The Independent Market Observer

Economy Making the Best of a Difficult Situation

Posted by Brad McMillan, CFA®, CFP®




Leaving Las Vegas

Unfortunately, for all those reasons, we did have to cancel the big get-together. But we didn’t want to do a completely virtual event either. The answer was simply to do as much as we could, getting together in smaller groups in safer venues around the country, doing it outdoors where possible, and otherwise being as COVID safe as we can. It’s not Las Vegas, but it’s not nothing either. Even though I can’t see everyone this year, I am looking forward to having fun with the friends I know who are coming to this watch party, as well as meeting those I don’t. This is a great example of Commonwealth doing its best under difficult circumstances to both serve and protect everyone. Just because it won’t be perfect doesn’t mean it can’t be great.


As I think about it, this is also a fitting metaphor for what is going on in the economy as a whole. There are real constraints out there: the pandemic, supply chain issues, labor shortages, and inflation. Those issues can’t and shouldn’t be ignored. When we look at our business decisions and our investments, we need to take those into account. We are not, as a country, going to Las Vegas this year.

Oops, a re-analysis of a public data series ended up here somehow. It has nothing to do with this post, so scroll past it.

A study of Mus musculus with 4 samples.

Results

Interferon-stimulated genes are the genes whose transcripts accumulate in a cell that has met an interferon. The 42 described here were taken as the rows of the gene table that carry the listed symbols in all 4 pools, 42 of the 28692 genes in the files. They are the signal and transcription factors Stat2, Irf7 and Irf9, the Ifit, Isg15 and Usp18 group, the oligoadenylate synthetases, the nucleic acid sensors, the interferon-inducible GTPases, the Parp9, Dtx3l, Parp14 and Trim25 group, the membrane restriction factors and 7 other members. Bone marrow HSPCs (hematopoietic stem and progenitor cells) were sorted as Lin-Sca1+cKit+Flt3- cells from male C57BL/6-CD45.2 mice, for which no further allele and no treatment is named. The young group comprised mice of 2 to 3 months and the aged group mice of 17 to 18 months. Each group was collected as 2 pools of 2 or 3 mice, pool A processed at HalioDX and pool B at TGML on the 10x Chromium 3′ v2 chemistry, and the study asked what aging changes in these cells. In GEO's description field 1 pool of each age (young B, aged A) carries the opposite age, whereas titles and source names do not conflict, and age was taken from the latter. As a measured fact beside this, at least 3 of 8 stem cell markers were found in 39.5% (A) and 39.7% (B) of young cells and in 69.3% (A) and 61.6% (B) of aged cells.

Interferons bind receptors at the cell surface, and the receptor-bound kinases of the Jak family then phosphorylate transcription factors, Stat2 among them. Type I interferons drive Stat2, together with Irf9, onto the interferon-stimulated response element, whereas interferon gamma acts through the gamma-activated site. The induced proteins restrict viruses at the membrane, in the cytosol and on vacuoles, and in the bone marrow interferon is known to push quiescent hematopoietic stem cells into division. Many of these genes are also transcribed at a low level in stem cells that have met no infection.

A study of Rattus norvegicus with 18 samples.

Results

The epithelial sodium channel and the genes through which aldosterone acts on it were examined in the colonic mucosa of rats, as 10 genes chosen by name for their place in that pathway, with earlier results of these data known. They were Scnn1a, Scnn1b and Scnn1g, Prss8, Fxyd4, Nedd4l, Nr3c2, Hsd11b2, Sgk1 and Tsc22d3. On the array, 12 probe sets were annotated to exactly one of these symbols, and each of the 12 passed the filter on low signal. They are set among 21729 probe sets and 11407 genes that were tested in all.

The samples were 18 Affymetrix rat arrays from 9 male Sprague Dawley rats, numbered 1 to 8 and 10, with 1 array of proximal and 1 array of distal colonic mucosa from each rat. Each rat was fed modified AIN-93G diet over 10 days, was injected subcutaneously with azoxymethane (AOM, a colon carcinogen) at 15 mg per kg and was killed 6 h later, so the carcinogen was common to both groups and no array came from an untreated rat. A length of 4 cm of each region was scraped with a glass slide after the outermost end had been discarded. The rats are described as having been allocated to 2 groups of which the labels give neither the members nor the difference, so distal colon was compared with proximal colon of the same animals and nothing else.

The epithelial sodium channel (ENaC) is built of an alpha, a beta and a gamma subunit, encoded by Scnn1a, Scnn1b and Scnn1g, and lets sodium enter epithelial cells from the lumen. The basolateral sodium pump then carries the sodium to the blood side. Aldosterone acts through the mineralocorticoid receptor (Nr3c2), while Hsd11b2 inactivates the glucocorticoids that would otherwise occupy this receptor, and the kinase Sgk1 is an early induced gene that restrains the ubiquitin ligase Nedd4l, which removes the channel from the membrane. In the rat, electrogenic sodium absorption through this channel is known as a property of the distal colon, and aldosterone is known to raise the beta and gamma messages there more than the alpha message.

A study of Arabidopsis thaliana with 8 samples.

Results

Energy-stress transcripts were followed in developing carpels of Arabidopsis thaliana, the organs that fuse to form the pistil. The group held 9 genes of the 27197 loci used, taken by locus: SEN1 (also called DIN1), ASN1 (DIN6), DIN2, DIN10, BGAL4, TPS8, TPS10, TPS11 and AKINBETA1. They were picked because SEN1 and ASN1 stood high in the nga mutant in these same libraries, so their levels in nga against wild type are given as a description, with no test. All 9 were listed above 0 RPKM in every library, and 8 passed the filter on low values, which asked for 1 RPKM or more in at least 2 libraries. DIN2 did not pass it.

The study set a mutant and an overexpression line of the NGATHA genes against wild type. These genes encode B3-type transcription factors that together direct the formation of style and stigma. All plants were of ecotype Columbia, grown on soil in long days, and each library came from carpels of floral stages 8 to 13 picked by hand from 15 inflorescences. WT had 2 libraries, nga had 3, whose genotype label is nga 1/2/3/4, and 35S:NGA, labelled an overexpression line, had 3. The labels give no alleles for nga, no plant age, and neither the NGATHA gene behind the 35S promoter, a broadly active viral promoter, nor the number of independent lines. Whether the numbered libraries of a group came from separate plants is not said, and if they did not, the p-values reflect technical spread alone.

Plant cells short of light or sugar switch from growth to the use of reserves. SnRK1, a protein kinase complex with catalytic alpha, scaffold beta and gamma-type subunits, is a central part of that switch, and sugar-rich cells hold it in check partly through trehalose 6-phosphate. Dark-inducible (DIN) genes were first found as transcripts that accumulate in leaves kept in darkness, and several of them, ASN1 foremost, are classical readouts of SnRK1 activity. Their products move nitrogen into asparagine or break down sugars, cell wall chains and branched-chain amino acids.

The Flip Side

But what we are doing, in many ways, is doing as much as we can without heading to Vegas. I mentioned the constraints above, but let’s also think about the good news. Millions of people have gotten large raises as wage growth has spiked. While millions of people are not working, it is because they are choosing not to do so—and they have the ability to make that choice. Interest rates may rise due to inflation, but right now the housing market is booming as those low rates make mortgages affordable. Yes, there are supply chain shortages, but those shortages are driven by strong demand as consumers look to buy, buy, buy. And yes, the pandemic is still very much here. But the reason we got the Delta wave was that the economy remained open. Plus, the pandemic is now getting better.


In other words, the U.S. economy is doing what it always does: adapt and make the best of any situation. Even as the pandemic continues, it has kept growing.


The flip side of each of the constraints we see is something that looks like, if you squint a bit, a boom. I don’t want to go there, but just as we need to acknowledge the constraints, we also need to acknowledge the good news. We are not going to Las Vegas, but we are going to Atlanta (in my case), Seattle (in the case of my friend, Brian Price), and to other cities with my other colleagues. We’re also hosting a big but safe get-together for the New England crew at Fenway Park in Boston. It’s not Las Vegas, but it’s still great and perhaps, in some ways, better

And that is what I hope and expect for these National watch parties. It’s not Las Vegas, but it will be great and maybe even better in some respects. For the economy, it’s not the economy we want necessarily, but the one we have has a number of good points. For everyone headed to a watch party, I would say you won’t be on the Strip this week, but I am sure you will have a good time. Have fun!